Chief Executive of China's Hong Kong Special Administrative Region (HKSAR) Carrie Lam said on Thursday that Hong Kong's economy now faces challenges both externally and locally, but its institutional strengths and core competitiveness remain intact.
"The situation we are facing now is obviously very different, more challenging and inevitably distressing. The challenges are complicated, both externally and locally," she said when addressing a joint business community luncheon at the Hong Kong Convention and Exhibition Center.
Lam said the International Monetary Fund revised global economic growth rate forecast for this year to the lowest since 2009 and combining with the uncertainty of Brexit in Britain and tense geopolitical situation in the Middle East, there is downward pressure on the global and Hong Kong economic growth trends.
"While external uncertainties have brought up immense pressure, I would say that the local situation is much more worrying," she stressed, adding that the ongoing extensive conflicts and violence that have plagued Hong Kong for months have spread chaos and fear and seriously disrupted people's daily lives.
Rioters launch attacks and sabotages in an organized and planned way and they doxxed and beat people who have different opinions, committed vandalism and arson to public facilities and hurled petrol bombs at police, she said.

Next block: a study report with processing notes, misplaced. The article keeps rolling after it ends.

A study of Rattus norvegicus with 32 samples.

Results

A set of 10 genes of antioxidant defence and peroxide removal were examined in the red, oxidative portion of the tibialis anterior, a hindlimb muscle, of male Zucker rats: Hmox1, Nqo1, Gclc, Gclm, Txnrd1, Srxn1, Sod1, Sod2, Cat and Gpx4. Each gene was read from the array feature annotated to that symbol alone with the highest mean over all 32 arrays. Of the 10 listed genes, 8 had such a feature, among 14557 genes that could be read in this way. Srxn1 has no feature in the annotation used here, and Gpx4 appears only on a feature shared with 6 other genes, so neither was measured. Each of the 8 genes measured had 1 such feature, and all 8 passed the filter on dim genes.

"Surveys showed that local business sentiment has turned extremely pessimistic in recent months. The impact is most obvious in some of the services industry."
Hong Kong's economy only expanded modestly by 0.5 percent in the first half of 2019, marking the weakest economic performance since the recession in 2009, Lam noted.
To tackle those challenges ahead, she said, the financial secretary has announced in three rounds in the past three months "a wide range of initiatives to support enterprises, safeguard jobs, stabilize the economy and strengthen livelihood."
She said the HKSAR government has rolled out a number of measures to help the small- and medium-sized enterprises, or SMEs, covering a broad range of sectors including logistics, retails, catering, tourism, construction, agriculture and fisheries. Subsidies will also be provided to badly-hit industries such as transportation and tourism.
"All the measures with a total sum of around 64 billion (Hong Kong) dollars are expected to provide a 2-percent impetus to our economy," she said.
Lam reiterated the emphasis on the determination of the HKSAR government to stop violence and its commitment to ensure the comprehensive and effective implementation of the "one country, two systems" principle in Hong Kong.
Despite the difficult external and domestic environment, Hong Kong retains its core strengths as an international financial center with an unrivalled geographical location, the rule of law, an independent judiciary, the free flow of information and a wide pool of professional talents, she said.
Lam appealed to leaders in the business community to stand up against violence and restore social order. Once that is achieved, the HKSAR government will work with relevant organizations to carry out promotional work and other measures to rebuild international confidence in Hong Kong, she said.